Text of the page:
3 Reasons We Misunderstand the Speed of Progress

05.12.23 |

Starting a new journey can be an immense challenge. While many obstacles can potentially come between you and your goals, we often hear that a lack of progress is a key challenge. Seeing progress can provide valuable motivation to fuel your next set of choices, so when you don’t see progress from your effort, quitting the journey starts to feel tempting. Afterall, why put in all that work if you aren’t getting anywhere?

And that’s the trap! 

If you have the wrong expectation of what progress is and how it should look, you are likely to feel frustrated, disheartened, and confused when you should actually be celebrating what you’ve accomplished. That comes from a misunderstanding of progress, so let’s clear that up today.

Here are the reasons progress is often misunderstood:

1. The shortest distance between two points is not a straight line.

When you think of where you are now and where you want to be, the temptation is to picture the path between point A and point B as being a straight line. That might be how it looks on paper, but no journey in life is ever a perfectly straight line. If you ask a driving app for directions, the best route is always filled with twists and turns. Sometimes you need to take the long way around to avoid the most traffic. Sometimes you encounter a detour. Sometimes you need to stop for a rest. 

Apps call this the best route because it is! As long as you are still on your way to your destination, it’s okay if you have to make a few turns. For health, this means understanding that the occasional plateau or a week with less obvious visual progress is perfectly natural and no cause for alarm. If you are still following the best route and your foot is on the gas, you’re fine!

2. Most cars can’t go from 0 to 90 mph in the blink of an eye.

A high-end sports car might be able to jump off the starting line into near-instant speed, but the reality is that most cars don’t work this way. In fact, it’s often dangerous to jump right to top speed from a perfect standstill. 

The better way is to put on your seatbelt, check your mirrors, shift into drive, and then ease your foot on to the gas to pull out safely. Is it slow? Yes, and that’s not only normal, it’s encouraged! Will you likely need to make several stops and turns before you get to the highway? Almost certainly. It’s unfair to compare your speed pulling out of the parking space to the blistering speeds of an expert driver on the Autobahn.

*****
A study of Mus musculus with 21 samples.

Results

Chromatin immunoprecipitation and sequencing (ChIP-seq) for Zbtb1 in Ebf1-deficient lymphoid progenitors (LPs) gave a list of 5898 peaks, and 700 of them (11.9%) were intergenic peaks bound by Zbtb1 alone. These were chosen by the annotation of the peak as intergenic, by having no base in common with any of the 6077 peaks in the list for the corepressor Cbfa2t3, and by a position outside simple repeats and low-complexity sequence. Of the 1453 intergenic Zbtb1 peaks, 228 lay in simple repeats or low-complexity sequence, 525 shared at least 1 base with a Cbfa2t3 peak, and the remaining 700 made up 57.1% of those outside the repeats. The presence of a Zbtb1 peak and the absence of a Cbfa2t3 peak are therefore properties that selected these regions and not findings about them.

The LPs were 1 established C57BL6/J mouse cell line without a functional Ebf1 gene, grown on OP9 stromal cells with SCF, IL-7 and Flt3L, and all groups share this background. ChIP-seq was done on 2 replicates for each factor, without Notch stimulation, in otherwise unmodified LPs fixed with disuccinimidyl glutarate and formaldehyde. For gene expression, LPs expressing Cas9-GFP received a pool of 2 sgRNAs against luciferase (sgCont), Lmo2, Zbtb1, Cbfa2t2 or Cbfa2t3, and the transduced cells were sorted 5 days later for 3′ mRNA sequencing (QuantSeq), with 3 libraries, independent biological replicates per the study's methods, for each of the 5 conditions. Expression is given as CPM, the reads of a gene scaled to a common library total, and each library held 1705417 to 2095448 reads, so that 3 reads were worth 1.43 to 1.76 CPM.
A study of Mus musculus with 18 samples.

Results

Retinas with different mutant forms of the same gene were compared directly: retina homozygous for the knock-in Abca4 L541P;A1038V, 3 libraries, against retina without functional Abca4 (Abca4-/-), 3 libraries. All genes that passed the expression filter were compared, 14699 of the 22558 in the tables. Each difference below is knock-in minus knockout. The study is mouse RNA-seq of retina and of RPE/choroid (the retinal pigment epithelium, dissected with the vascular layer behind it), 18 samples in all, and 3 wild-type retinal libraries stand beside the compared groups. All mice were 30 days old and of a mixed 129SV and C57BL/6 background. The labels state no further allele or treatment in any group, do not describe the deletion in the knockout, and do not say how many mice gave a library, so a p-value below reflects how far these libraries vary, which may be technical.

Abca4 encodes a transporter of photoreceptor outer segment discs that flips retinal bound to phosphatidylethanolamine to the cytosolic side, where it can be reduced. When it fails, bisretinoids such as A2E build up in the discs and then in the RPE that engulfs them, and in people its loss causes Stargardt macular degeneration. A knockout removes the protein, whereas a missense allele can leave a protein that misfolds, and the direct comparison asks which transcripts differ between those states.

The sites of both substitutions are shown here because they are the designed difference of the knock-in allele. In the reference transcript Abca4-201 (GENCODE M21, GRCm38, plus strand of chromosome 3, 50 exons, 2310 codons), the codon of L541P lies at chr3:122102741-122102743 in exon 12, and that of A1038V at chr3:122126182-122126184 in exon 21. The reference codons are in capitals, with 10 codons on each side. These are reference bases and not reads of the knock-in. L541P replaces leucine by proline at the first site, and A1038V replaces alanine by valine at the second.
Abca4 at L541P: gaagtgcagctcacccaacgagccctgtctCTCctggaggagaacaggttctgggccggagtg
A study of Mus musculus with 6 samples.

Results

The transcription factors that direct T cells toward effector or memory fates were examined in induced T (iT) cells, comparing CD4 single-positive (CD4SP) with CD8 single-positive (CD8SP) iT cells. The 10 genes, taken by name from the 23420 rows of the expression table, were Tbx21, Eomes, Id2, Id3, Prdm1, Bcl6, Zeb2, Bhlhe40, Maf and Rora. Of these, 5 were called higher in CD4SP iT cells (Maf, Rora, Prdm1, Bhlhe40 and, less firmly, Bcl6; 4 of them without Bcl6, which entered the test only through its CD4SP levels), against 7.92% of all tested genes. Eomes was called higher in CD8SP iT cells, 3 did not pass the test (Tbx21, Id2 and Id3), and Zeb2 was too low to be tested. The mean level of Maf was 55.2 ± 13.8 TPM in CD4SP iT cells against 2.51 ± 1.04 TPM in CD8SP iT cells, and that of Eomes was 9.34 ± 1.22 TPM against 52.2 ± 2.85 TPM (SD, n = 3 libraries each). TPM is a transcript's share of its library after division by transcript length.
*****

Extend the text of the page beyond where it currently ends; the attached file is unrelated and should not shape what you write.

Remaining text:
In health, this is like comparing yourself to someone who has been on their journey for years. Of course they look great and are fit and have incredible energy. They’ve simply been on the road longer, so give yourself some grace and take your time getting up to speed on the on-ramp.

3. Take the journey turn by turn.

For most journeys, we look at the map to get a sense of where we’re going, but in practice, most journeys are truly one turn at a time. Few of us can perfectly memorize every turn on a roadtrip, so at most we look a few turns ahead and keep our focus on making the right choices so that we don’t miss the next turn. That can sound cliche in a journey of a thousand miles begins with a single step kind of way. However, it’s the reality for many of us, and that’s completely normal.

You don’t need to worry about what you need to do months from now. Think of each day as a turn on your journey. Take it one day at a time before worrying about the next day. There’s no need to overwhelm yourself by trying to think of an account for every single turn all at once.

Get Where You’re Going Your Way

None of us drives exactly alike. Some of us go fast. Some of us go more slowly. Some of us are just getting on the road. Some of us have been on the journey for years. As long as you are moving forward – even if it doesn’t feel or seem like much – and as long as you are doing it in the way that’s right for you, keep going!